Bush by the Numbers —

I wouldn’t have spotted this if not for a link from Daily Kos, but please read the whole thing, not just Kos’ excerpts. If we had an American public that actually did read, this piece would be the only campaign literature necessary for the Kerry campaign. But we don’t. (And these are nice, short sentences. Not hard at all!)

Bush’s acceptance speech —

I did finally read the text of Bush’s speech from Thursday night. First, how delightfully, perfectly Bushie is it that he touted bringing “Republicans and Democrats together to strengthen Medicare” (aka the Leave No Pharmaceutical Company Behind Act) the night before raising the monthly premiums! (And I’m sorry, but he “brought Republicans and Democrats together” on this? Republicans and, what, 6 Democrats? Is that anything like the “Coalition of the Willing”?) But apart from the continued efforts to link Iraq and terror, my impression was that the text sounded vaguely familiar. A bit like, maybe, his acceptance speech from 2000? So he’s asking for another 4 years to finish the things he promised for the first 4 years? I suppose my thoughts are best captured in this exquisite line from Bush’s 2000 speech: “And now they come asking for another chance, another shot. Our answer: Not this time, not this year.”

They’re not all red —

This was in the Friday Courier, the Republican paper of my Republican home town. Since the web site uses a strange format, I can’t point you directly to the story, so I’ll save you a little time and reprint it here. There’s hope in the “heartland”!

Business is brisk at fair political booths


The Democratic Party booth at the Hancock County Fair is seeing one of its busiest years as far as the number of interested visitors stopping by.

“We haven’t even worked our two hours yet and we’ve seen more people today than we did all last year,” volunteer Gene Carty said Thursday afternoon.

Gene, along with his wife Sharon, have worked the Democratic fair booth for “years and years,” and now that both are retired, they give even more of their time in the Merchants Building each year.

County fairs throughout the nation have traditionally been a hotbed of political campaigning. Candidates realized years ago it would do them no good to ignore an event where thousands of area residents from all socioeconomic backgrounds would be gathering.

In Hancock County, the Democratic and Republican booths, amid merchant booths that advertise everything from coffins to candles, are an annual staple.

Around lunchtime on Thursday, the Cartys were in the middle of their first shift of the week and enthusiastically talking to passers-by. “I’ve always loved to people watch,” Sharon gave as one reason she returns to the booth each year. “And we also get people to register to vote, so we’re providing a service there. And, of course, I like to get people interested in our party. That’s the main thrust of the whole thing. “We like to have people look at our wares and our message,” Sharon continued.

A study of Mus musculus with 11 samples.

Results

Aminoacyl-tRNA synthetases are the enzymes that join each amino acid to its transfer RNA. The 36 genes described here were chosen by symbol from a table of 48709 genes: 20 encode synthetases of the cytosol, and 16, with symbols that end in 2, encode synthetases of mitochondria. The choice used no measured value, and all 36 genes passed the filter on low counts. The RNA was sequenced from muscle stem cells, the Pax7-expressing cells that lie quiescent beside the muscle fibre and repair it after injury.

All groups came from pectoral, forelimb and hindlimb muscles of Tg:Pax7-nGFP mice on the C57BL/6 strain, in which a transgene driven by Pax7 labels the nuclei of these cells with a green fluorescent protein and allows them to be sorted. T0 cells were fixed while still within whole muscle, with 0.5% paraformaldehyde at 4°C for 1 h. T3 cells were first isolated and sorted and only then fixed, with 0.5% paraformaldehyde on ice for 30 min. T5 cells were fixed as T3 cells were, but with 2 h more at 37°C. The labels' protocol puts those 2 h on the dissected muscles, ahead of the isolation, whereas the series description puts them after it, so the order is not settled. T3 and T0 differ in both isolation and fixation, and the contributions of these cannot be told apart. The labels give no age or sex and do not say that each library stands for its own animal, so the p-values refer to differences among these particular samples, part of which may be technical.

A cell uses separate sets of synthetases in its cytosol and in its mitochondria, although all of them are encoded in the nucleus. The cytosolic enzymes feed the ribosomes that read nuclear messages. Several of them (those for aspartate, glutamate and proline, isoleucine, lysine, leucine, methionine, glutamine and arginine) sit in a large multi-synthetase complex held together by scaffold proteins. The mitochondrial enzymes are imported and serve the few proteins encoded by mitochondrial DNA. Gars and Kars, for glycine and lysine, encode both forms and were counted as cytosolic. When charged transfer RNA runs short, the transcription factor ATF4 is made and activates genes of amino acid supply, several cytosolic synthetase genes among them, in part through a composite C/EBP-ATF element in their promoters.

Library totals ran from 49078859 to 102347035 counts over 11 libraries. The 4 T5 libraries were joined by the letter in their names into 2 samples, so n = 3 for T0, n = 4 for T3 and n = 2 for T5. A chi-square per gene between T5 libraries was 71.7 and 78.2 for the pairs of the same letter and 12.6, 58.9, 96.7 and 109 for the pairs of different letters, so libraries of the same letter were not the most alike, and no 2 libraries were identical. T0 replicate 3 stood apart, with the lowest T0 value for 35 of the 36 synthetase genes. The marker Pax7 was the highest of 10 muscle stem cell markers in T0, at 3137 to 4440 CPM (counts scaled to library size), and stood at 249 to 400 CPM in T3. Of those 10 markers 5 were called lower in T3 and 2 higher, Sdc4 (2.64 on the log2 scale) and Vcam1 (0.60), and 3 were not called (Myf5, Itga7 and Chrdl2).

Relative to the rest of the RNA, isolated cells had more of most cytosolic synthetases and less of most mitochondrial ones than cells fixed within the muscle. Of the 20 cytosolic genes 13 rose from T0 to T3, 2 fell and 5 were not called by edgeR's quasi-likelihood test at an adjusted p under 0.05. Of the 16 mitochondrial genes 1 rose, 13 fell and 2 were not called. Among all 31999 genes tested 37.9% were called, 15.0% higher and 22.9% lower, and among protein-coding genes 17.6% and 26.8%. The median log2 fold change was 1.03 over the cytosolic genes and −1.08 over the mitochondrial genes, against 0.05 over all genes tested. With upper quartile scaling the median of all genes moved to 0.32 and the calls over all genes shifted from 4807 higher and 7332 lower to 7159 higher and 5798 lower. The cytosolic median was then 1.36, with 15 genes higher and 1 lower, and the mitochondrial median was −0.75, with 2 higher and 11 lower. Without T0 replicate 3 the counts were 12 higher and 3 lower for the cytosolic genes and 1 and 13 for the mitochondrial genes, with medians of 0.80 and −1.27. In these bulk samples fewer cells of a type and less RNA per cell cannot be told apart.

With this year’s presidential race becoming so heated between Democratic candidate John Kerry and President George W. Bush, the political “messages” have been many and varied, but not always clear.

The “wares” at the party booths, on the other hand, are simple, obvious and often popular.

The Democrats were busy Thursday selling Kerry-Edwards hats for $10, bumper stickers for $1 and buttons for a $2 “donation.”

Democratic volunteer Sam Ellis said although there are more registered Republicans than Democrats in Hancock County, the Democratic booth hasn’t had many people argue too much with them.

“A few Republicans have walked by, and they kind of look down on you like ‘you poor souls.’ Otherwise, people have been pretty good. Some have been disagreeing with us, but doing it in a good way,” Ellis maintained. “In fact, I’ve had some Republicans come up and tell me they won’t vote for Bush because of Cheney.”

In another part of the Merchants Building, in an area twice the size of the Democrats’, Charles Hymes and Roy Schwinn were working the Republican booth Thursday.

All of the items neatly laid out on two tables, like the Mike Oxley hat bands with tall red feathers, bumper stickers and cardboard fans are free. There are even some informational materials, such as the county auditor’s office weights and measures guide, and Ohio maps, that are being given away too.

Hymes serves on the Hancock County Board of Elections, a position that the Republicans appoint him to, but one that isn’t political. He said he therefore thinks it’s his “responsibility” to volunteer for things like the fair booth since his party chose him to represent it in such a capacity.

“Quite a few people do stop by, but I think one of the reasons for that is we give away so many free things,” Hymes admitted. “We do get in a lot of political conversations, but not really any debates.” Self-proclaimed Democrats rarely, if ever, stop by, he said.

Most area Republicans’ moods regarding the presidential election are hopeful, according to Hymes, but they’re aware a re-election is not a sure thing at this point.

“They know it’s going to be close. That’s why we’re telling people to please come out and vote,” Hymes explained, holding a notepad with a list of people who signed up to receive absentee ballots and yard signs.

“There’s so much (voting) apathy. But this year we think it might be a pretty good turnout” at the November polls, he continued.

“Are you registered to vote?” Schwinn asked a family examining flyers. “Are you going to vote? Well then that’s what counts,” he said, after receiving an affirmative response.